This paper examines how certain care values permeate, legitimize and authorize hospitalized-older-adults’ care, technologies and practices. The purpose of this paper is to expose how values are not benign but operate discursively establishing “orders of worth” with significant effect on the ethics of the care-setting.
The paper draws from a discursive ethnography to see “up close” on a surgical unit how values influence nurse/older-adult-patient care occasions in the domain of older-adults and functional decline. Data are from participant observations, conversations, interviews, chart reviews and reviewed literature. Foucauldian discursive analytics rendered values recognizable and analyzable as discursive practices. Discourse is a social practice of knowledge production constituting and giving meaning to what it represents.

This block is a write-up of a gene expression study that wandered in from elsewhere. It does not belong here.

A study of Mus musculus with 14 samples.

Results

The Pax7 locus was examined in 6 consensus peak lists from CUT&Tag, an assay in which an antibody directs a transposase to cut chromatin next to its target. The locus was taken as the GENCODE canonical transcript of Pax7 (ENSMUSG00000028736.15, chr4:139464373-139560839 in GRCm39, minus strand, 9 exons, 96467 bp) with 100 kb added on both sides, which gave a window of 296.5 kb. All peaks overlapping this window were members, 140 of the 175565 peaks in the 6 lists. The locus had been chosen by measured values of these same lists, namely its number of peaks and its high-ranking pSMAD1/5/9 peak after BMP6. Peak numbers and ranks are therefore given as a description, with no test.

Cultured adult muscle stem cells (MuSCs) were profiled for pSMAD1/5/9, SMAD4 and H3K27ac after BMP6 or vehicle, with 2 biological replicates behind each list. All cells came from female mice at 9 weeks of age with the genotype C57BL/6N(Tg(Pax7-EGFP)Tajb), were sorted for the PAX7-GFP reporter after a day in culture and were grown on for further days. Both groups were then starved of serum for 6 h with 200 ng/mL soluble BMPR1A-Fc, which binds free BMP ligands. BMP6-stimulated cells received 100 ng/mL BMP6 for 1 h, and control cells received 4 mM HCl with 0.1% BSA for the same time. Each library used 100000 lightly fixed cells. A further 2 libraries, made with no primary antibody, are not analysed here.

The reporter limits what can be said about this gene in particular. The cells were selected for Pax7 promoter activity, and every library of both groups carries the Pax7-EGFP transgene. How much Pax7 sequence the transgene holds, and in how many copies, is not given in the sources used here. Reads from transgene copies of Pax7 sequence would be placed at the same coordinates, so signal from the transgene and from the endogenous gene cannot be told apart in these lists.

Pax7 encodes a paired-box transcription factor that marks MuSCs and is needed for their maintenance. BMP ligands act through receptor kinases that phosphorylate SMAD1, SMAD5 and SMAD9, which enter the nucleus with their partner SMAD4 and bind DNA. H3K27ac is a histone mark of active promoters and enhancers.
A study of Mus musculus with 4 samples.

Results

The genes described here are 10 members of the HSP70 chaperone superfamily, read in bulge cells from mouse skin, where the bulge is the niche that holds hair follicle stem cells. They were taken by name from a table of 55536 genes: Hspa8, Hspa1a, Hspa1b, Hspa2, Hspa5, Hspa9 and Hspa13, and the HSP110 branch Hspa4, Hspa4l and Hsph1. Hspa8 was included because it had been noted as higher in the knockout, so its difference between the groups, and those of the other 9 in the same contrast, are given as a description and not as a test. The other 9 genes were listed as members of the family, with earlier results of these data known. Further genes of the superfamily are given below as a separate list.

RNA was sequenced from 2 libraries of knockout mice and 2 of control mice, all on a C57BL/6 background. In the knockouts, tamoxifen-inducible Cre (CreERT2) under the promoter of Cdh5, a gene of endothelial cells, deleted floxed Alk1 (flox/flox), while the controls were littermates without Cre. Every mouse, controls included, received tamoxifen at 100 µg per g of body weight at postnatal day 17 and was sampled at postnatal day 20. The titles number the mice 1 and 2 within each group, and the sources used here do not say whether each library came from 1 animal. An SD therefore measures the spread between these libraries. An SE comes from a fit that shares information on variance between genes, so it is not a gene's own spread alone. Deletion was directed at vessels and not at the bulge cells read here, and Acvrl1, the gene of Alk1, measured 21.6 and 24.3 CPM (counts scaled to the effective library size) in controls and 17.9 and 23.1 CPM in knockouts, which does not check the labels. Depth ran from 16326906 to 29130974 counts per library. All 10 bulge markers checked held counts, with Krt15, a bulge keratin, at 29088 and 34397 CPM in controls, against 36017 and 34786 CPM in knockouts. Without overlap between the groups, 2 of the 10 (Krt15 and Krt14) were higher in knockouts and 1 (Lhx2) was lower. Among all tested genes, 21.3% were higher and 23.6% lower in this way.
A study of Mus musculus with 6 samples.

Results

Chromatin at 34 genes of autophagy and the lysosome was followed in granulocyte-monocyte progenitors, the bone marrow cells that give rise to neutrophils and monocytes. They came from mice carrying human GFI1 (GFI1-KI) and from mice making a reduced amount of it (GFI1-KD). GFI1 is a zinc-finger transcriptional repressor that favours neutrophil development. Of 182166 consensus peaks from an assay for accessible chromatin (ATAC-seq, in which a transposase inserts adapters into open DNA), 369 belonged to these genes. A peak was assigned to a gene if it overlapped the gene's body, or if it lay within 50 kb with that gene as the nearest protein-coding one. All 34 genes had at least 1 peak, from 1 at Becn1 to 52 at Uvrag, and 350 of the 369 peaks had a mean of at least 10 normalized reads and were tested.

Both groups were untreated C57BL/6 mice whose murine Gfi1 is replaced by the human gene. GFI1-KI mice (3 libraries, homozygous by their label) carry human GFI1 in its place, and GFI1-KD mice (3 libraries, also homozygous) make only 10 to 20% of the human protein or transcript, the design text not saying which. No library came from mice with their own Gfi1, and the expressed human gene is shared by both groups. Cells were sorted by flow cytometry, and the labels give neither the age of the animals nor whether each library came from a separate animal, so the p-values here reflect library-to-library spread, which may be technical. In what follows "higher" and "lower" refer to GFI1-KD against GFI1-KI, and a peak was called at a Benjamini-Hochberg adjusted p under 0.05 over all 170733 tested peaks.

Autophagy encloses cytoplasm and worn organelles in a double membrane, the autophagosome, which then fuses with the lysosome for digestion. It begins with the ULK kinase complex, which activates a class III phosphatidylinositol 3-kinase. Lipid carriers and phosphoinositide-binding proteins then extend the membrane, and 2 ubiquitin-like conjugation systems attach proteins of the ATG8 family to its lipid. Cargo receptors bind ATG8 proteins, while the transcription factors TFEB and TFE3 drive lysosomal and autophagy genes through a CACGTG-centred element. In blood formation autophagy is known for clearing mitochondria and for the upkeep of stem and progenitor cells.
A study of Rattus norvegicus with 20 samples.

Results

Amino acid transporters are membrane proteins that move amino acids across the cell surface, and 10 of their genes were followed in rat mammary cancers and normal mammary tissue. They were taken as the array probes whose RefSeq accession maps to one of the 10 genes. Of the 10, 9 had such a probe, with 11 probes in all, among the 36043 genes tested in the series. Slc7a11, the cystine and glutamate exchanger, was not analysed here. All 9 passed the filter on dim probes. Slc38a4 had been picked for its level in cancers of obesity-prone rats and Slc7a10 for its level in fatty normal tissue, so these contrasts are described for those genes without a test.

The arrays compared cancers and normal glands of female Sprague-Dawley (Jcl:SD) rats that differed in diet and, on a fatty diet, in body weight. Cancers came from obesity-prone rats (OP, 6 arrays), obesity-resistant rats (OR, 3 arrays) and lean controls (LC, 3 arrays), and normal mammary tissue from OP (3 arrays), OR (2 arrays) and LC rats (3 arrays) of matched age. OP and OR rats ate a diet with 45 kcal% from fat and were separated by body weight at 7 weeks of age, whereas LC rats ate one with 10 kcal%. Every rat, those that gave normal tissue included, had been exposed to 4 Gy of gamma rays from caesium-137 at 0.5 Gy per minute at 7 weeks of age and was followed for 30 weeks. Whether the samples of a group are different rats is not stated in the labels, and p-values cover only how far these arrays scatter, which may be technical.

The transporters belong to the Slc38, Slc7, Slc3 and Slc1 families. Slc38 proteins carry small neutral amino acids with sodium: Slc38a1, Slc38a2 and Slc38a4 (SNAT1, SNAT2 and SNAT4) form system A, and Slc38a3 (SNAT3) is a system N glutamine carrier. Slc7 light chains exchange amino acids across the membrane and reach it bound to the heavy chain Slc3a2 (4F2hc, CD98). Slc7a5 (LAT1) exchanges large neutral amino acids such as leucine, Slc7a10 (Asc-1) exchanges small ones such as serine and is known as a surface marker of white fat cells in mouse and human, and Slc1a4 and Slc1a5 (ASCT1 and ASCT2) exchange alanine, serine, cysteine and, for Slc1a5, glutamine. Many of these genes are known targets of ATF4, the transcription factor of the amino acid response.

Analysis reveals how care values inhere discourses like measurement, efficiency, economics, risk and functional decline (loss of capacity for independent living) pervading care technologies and practices, subjugating older adults’ bodies to techniques, turning older persons into measurable objects of knowledge. These values determine social conditions of worth, objectifying, calculating, normalizing and homogenizing what it means to be old, ill and in hospital.
Seven older adult patients and attendant nurses were followed for their entire hospitalization. The ethnography renders visible how care values as discursive practices rationalize the social order and operations of everyday care. Analytic outcomes offer insights of how dominant care values enabled care technologies and practices to govern hospitalized-older-adults as a population to be ordered, managed and controlled, eliding possibilities of engaging humanistic patient-centered care.